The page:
A visit to Solomon Islands by senior US diplomats included a touching personal moment, as Caroline Kennedy, the new US ambassador to Australia, met with the children of two men who saved the life of her father, John F Kennedy, during the second world war.
Caroline Kennedy was in Honiara to mark the 80th anniversary of the battle of Guadalcanal, a brutal seven-month land, sea and air fight between allied and Japanese forces that marked a turning point in the war.
During the battle, John F Kennedy – who went on to become the US president – narrowly escaped death when a Japanese destroyer ran over his patrol boat PT-109.
Kennedy and his shipwrecked crew made it to a Japanese-controlled island, where they were found by two Solomon Islanders, Eroni Kumana and Biuku Gasa, who were working with the Coastwatchers – allied military operatives – behind enemy lines.
At great personal risk, Kumana and Gasa took a coconut, on which Kennedy had written an account of the crew’s plight, back to the Australia coast watcher they were working with. The patrol boat crew were then able to be rescued.
Caroline Kennedy met John Koloni, the son of Kumana, and Nelma Ane, daughter of Gasa at a ceremony on Sunday in Guadalcanal and presented them with a replica of a coconut husk on which her father had written a distress message. The original is in the Kennedy Museum in Boston.
“I am so grateful you came here today so I could say thank you and one day I would like to bring my children to continue the relationship,” said Kennedy as she presented the gift, according to 1News.
“I’m honoured and proud of my dad, and I’m happy to receive on behalf of him. I wish he was here to receive this medal,” said Koloni, Stuff reported.
Kumana and Gasa have largely been written out of the history of the event. Kennedy invited the men to his inauguration in January 1961, but officials of the British Solomon Islands Protectorate prevented them from going. Two white officials attended instead.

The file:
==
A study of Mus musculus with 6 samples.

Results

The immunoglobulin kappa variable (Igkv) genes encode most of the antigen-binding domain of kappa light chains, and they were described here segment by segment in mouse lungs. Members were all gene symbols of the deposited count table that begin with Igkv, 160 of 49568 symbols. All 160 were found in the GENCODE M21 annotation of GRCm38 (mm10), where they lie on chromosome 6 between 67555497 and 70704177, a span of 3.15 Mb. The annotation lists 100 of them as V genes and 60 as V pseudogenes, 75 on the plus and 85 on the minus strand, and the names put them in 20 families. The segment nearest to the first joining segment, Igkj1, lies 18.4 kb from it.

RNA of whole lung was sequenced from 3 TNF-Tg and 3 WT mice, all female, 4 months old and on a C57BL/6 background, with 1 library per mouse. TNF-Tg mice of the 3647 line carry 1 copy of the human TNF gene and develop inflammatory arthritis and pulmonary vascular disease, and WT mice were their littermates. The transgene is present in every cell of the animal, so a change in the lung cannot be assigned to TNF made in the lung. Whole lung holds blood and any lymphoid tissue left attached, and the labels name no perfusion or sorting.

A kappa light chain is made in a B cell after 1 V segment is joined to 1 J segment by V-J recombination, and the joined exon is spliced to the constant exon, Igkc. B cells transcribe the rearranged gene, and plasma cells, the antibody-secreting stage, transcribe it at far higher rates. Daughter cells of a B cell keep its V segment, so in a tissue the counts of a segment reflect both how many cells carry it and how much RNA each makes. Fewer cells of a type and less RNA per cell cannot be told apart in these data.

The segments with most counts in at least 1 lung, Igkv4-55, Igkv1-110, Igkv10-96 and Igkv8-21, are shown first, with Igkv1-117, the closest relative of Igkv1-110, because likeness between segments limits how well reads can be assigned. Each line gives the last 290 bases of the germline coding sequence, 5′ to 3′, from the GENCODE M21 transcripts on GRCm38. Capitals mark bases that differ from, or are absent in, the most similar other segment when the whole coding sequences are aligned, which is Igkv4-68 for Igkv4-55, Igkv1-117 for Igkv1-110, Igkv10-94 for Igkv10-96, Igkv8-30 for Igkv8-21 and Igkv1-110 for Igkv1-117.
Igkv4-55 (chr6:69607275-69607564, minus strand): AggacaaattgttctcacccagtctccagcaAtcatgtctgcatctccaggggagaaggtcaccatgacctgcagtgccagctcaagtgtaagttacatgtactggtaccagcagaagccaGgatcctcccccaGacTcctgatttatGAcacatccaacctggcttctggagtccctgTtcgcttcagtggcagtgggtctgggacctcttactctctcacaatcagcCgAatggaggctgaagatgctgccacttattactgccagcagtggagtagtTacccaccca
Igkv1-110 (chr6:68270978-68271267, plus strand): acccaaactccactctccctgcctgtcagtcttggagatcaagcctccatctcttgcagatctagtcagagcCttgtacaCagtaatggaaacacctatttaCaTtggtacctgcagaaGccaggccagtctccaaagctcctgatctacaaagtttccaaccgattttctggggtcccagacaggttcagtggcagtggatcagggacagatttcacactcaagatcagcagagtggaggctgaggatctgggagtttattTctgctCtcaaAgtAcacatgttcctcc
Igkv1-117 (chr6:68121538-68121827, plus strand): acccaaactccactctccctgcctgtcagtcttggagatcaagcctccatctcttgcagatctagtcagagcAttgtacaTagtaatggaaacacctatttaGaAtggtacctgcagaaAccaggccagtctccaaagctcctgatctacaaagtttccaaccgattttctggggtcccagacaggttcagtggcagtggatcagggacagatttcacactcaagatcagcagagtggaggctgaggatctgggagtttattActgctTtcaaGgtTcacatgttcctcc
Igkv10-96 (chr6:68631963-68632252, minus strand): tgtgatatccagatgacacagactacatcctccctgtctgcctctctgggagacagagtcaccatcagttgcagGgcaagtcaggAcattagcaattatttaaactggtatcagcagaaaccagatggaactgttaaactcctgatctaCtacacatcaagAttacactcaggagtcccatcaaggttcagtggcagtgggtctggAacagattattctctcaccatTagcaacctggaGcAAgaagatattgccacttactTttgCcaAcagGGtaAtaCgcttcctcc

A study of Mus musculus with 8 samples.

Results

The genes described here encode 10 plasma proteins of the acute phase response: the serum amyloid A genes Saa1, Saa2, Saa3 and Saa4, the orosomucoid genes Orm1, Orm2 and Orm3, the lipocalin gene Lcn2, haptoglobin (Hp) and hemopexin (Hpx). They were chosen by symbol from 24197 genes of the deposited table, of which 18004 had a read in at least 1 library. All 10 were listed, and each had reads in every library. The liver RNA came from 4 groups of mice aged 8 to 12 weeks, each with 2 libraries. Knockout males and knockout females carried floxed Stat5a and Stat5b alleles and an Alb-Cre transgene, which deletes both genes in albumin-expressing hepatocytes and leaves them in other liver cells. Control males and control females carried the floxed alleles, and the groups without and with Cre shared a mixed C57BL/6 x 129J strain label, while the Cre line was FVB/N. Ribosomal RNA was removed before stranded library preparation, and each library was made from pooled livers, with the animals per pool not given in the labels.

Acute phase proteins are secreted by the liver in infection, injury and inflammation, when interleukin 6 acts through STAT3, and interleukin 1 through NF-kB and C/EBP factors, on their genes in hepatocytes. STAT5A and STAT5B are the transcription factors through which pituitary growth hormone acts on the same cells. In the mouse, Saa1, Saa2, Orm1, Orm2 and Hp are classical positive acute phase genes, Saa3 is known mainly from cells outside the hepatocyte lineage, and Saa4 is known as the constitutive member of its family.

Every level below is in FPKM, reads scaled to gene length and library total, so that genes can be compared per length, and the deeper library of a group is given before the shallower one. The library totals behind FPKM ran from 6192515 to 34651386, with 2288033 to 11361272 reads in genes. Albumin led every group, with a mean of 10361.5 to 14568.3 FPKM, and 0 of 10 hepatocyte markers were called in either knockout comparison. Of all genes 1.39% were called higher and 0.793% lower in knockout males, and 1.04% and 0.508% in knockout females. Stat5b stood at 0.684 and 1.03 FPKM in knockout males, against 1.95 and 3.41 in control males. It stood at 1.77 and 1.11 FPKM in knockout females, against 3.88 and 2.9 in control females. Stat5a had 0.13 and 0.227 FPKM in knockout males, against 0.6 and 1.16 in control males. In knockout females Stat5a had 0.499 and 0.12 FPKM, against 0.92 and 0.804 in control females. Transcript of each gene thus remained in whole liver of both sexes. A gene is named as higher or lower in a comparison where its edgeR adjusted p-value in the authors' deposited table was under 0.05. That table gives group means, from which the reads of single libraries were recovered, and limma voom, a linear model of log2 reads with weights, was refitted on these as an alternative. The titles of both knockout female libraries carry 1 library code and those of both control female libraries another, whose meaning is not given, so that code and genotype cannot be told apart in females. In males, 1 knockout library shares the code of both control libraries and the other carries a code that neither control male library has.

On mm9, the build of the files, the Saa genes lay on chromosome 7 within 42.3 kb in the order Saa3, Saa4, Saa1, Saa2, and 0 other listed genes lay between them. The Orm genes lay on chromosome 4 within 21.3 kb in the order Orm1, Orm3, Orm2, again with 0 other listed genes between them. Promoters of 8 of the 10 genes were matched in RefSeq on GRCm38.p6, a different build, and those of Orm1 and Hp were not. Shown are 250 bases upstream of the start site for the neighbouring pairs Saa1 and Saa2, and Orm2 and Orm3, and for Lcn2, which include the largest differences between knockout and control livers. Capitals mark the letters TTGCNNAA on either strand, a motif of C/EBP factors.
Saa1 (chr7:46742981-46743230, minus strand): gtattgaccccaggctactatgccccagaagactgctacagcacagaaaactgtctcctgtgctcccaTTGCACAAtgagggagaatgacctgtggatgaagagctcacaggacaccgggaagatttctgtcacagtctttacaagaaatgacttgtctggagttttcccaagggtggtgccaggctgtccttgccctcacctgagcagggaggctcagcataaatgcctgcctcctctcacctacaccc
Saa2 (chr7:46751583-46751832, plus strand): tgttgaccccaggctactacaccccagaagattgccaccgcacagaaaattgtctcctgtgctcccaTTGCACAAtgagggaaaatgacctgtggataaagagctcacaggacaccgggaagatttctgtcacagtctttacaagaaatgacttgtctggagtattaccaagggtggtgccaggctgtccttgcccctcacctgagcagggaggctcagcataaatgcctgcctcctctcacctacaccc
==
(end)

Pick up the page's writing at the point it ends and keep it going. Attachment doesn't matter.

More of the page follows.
Gasa died in 2005. Kumana died in 2014.
The commemorative events in Solomon Islands were also attended by US deputy secretary of state Wendy Sherman, who warned Pacific Island countries of a new struggle against violent power-hungry regimes.
Attending a dawn memorial service, Sherman said “some around the world” had forgotten the cost of war, or were ignoring the lessons of the past.
She hit out at “leaders who believe that coercion, pressure, and violence are tools to be used with impunity”, but did not specify any names during her speech at the service.
“We remember how bankrupt, how empty, such views were then, and remain today,” she said of Nazi Germany and Imperial Japan in the 1930-40s. “Today we are once again engaged in a different kind of struggle – a struggle that will go on for some time to come.”
Solomon Islands prime minister Manasseh Sogavare did not attend the ceremony, though he was slated to appear and was listed on the event program.
Sogavare did meet Sherman later, for what she described as “wide-ranging” talks.
Sherman and Kennedy’s visit comes as Washington is seeking to renew its influence in the South Pacific and suppress growing Chinese influence.
Sogavare signed a controversial security pact with China earlier in the year, sparking huge concern in the US and Australia. The US has sought to increase its presence in the Pacific in the wake of the deal, announcing it would open two new embassies in the region – in Tonga and Kiribati – as well as its announcement in February that it would reopen its embassy in Honiara, which closed nearly three decades ago.